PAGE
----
How long does this eCourse take to complete?
If you sit down and go straight through it, a couple of hours. But we recommend taking your time, answering the questions, thinking about the ideas, and developing your presentation over whatever time period makes sense for you.
Does this eCourse include PowerPoint templates or other slideware?
No. The course provides a new way to think about slides, but it does not provide templates or slides themselves. After you develop your presentation according to the course, you’ll be in a good position to decide whether or not you need slides at all.
What should I do if I experience any technical problems?
Click the “Technical Support” link in the footer at the bottom of the page, and help is just a click away.
Does this eCourse provide any help with delivering a great presentation?
No. That’s for the next course. This course focuses solely on how to develop great content.
In the story section, can I pick more than one story to tell in my presentation?
Not a good idea. It’s best to keep presentations as simple as possible, sticking to one idea. And one story.
Where can I go for more information?
Please go to www.publicwords.com and send us a message, buy one of Nick’s books, book a consultation, or hire him to speak. There’s lots of free information in the blog, as well.
Can I get answers to specific questions about my presentation?
Yes, the course provides a form to send Nick a question. Fill that out, and he’ll get back to you as soon as he can. If your question is time-sensitive (you’re giving a speech tomorrow, for example) please indicate that on the form.
Do I tell my audience which story I’m using?
No. Never draw attention to the structure behind the presentation. You want the audience to focus on the content, not the structure behind the content.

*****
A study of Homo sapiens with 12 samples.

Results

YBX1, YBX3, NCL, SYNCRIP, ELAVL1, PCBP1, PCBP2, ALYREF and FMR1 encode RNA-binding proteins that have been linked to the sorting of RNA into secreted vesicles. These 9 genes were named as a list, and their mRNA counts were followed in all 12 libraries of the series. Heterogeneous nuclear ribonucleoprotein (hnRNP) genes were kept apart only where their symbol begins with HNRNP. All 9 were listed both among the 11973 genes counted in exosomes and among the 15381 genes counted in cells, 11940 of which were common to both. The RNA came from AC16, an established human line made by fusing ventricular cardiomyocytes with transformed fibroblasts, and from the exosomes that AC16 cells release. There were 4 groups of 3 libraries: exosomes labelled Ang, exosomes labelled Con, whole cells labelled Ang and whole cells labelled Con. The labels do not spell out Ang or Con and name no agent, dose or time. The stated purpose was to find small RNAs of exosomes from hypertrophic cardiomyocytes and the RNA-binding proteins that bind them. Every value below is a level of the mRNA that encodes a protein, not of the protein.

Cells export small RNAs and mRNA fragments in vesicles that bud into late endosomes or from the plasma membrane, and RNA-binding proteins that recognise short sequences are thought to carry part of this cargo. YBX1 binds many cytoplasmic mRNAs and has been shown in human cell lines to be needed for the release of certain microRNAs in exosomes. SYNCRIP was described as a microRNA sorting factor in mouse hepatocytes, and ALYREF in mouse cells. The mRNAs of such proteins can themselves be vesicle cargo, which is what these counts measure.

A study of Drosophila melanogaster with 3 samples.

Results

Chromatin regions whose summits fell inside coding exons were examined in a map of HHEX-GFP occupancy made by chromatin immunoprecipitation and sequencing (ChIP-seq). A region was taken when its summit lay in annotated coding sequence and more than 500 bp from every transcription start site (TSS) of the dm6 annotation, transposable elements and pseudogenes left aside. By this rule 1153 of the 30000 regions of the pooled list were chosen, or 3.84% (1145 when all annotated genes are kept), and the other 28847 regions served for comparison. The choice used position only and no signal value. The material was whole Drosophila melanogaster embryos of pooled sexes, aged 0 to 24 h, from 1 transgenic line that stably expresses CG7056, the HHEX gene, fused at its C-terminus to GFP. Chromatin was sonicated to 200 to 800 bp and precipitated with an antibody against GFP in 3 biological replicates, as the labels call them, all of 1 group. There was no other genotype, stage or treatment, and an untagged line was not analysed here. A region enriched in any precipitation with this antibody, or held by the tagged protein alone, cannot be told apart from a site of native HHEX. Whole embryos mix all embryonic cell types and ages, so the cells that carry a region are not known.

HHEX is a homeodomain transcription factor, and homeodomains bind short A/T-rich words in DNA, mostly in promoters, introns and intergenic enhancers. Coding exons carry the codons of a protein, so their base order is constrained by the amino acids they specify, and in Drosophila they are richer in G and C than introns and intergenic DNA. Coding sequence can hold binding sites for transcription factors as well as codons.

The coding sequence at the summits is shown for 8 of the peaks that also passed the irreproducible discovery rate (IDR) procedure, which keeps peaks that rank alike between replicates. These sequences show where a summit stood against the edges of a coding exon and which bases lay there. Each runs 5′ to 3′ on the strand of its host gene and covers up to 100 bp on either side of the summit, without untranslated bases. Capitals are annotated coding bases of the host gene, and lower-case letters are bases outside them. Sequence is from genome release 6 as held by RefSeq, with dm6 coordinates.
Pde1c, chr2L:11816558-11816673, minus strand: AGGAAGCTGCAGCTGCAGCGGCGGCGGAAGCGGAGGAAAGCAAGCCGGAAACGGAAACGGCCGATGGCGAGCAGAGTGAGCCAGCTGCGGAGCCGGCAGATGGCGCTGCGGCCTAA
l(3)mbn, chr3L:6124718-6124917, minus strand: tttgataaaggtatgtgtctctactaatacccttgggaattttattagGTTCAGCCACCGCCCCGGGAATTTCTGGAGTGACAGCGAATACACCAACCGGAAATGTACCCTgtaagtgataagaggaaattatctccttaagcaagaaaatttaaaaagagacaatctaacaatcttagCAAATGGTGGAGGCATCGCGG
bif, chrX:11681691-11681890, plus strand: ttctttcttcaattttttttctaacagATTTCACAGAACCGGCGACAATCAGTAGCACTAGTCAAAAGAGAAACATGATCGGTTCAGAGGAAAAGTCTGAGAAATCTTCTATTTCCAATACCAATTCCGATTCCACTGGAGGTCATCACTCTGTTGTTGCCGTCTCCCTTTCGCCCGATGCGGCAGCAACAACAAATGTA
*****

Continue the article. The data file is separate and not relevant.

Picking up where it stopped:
Do I tell my audience which step I’m on in the persuasive speech structure?
Never. You don’t want the audience to focus on being persuaded, but rather on the argument.
Do I tell my audience which level of Maslow’s Hierarchy of Needs I’m on?
No. It’s better not to draw attention to the thinking behind the presentation.
How do I combine Maslow’s Hierarchy, one of the 5 stories, and the persuasive speech structure?
Think of Maslow’s Hierarchy as dictating what kinds of things you’ll talk about – the success or failure of your business, life or death, or the respect of your peers. Think of the story as something you invoke at the beginning of the speech (and return to from time to time) by using story elements without announcing them. And think of the speech structure as a series of steps that you take.
How long should my presentation be?
That depends on how long you have and what you’re talking about. People talk at the rate of about 125 words per minute, so if you write your presentation out for the first draft, and do a word count, you can easily estimate the length of the speech.
Does the persuasive speech structure really work?
Yes. We have seen it work many, many times. If you respect the audience’s need to go through the decision-making process, and provide them with compelling stories and insights at each step, you will persuade the audience of your point of view.
Is all of the work on preparing a presentation worth it?
Only if you want to do a good job.
Can I save my work?
Yes, that’s what the workbook is for. All of your work will be automatically saved for you.
Can I get a discount for buying the eCourse for a large number of people?
For corporate licenses, please email us.
What if I have to give a presentation of a type that isn’t listed in your examples of presentation types?
Then pick the type that is closest to your presentation assignment. Ask yourself, what is the problem that my audience has for which my information is the answer? And talk about that. Always focus on the audience.
Aren’t all business speeches Quests?
Not at all. Many business presentations are about revenge, when a rival company is discussed, or a love story, when mergers are on the table.
I can’t think of a good action step for the end of my speech. What do I do?
You can always get the audience to pair up and decide something together, in groups of two. Or get them to commit to something by writing it down on a card you provide them.
Why shouldn’t I start my speech with an agenda? Don’t people want to know what the presentation is going to be about?
Do you want to know the plot of movie when you sit down in the theatre? Surprise is a good thing, on the whole, in movies and presentations.